U.S. House Republicans to hold out for five-year transportation authorization bill rather than take up Senate's two-year version; transportation programs could face partial shutdown after March 31 if lawmakers don't reach resolution
GRAIN VALLEY, Missouri
March 27, 2012
– U.S. House Republicans said Tuesday that they plan on holding out for a five-year authorization bill rather than take up the Senate’s two-year version. As lawmakers continue to debate the terms of an authorization bill, transportation programs got one day closer to possible shutdowns that could begin occurring after Saturday, March 31.
Late on Tuesday afternoon, the Republican-controlled House faced a vote to suspend normal rules so lawmakers could get a 60-day temporary extension in place and buy more time to take up the five-year proposal. The Republican leadership needed a two-thirds majority to pass the rules suspension, but Democrats vowed to block it.
The Democrats want the House to pass the Senate version of the transportation authorization, but the Republicans said no to that on Tuesday.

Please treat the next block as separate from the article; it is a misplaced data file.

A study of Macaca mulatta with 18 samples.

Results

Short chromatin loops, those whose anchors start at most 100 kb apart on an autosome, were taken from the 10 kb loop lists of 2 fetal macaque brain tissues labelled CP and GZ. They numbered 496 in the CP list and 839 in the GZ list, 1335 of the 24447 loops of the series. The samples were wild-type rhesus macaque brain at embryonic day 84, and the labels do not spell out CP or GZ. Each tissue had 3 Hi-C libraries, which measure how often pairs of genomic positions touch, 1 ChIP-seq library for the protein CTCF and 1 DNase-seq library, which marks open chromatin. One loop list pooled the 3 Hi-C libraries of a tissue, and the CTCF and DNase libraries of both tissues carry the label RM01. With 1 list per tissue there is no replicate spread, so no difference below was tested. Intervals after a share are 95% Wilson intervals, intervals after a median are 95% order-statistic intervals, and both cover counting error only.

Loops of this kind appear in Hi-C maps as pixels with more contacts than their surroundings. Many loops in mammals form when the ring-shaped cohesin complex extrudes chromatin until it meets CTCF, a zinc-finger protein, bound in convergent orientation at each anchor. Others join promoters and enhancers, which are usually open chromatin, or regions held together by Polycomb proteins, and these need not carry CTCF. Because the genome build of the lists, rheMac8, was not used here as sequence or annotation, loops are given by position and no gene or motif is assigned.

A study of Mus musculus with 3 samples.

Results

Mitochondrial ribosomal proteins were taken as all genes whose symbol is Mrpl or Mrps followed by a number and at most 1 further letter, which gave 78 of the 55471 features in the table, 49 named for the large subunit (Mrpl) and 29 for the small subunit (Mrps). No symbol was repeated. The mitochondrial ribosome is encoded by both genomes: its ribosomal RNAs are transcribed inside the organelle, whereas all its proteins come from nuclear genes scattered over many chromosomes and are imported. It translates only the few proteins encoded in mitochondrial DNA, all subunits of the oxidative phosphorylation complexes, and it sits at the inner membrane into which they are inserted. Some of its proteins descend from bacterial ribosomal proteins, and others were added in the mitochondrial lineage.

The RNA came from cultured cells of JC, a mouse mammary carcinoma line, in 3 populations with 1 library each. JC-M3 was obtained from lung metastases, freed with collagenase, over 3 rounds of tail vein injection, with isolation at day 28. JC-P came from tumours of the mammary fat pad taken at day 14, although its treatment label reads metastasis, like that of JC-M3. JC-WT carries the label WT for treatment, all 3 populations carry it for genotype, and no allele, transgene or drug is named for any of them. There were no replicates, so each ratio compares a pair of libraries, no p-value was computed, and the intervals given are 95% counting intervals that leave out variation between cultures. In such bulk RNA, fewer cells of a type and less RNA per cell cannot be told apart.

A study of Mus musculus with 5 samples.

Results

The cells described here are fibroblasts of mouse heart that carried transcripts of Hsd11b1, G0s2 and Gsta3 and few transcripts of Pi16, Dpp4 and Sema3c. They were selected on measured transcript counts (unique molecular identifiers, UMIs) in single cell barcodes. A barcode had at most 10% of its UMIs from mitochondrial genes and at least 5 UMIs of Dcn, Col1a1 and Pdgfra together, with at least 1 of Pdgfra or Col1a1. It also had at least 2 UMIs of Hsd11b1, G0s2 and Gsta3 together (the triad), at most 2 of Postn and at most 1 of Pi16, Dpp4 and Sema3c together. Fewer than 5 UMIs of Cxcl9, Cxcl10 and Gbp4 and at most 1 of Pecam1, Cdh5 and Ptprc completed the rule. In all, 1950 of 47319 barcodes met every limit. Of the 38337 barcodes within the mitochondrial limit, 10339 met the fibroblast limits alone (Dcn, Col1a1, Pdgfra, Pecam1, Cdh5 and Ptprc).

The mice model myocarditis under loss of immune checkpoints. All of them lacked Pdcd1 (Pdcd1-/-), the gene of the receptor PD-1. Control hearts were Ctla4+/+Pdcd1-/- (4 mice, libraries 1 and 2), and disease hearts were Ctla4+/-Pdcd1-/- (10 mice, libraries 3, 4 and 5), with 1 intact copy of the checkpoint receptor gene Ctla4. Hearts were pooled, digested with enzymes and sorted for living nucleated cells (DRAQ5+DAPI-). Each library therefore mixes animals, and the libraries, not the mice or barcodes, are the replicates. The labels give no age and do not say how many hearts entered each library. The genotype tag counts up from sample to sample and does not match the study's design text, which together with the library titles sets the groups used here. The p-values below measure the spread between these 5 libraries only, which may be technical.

Both parties accused one another of trying to tank the Highway Trust Fund and allow current programs to expire. Should March 31 come and go without a resolution, the U.S. Department of Transportation and programs nationwide face at least a partial shutdown.
“Unfortunately, this has turned into a political gotcha game,” House Transportation and Infrastructure Committee Chairman John Mica, R-FL, said. “If this was a professional sport, the umpire would come out and throw a flag.”
During floor debate on the rules suspension vote, Rep. Peter DeFazio, D-OR, gave an impassioned speech in which he accused House leadership of standing in the way of a bill that even some of the most conservative members of the Senate voted for.
“Even members of the ‘flat earth caucus’ voted for it,” he said.
As of press time on Tuesday afternoon, the House had not yet voted on the 60-day temporary extension.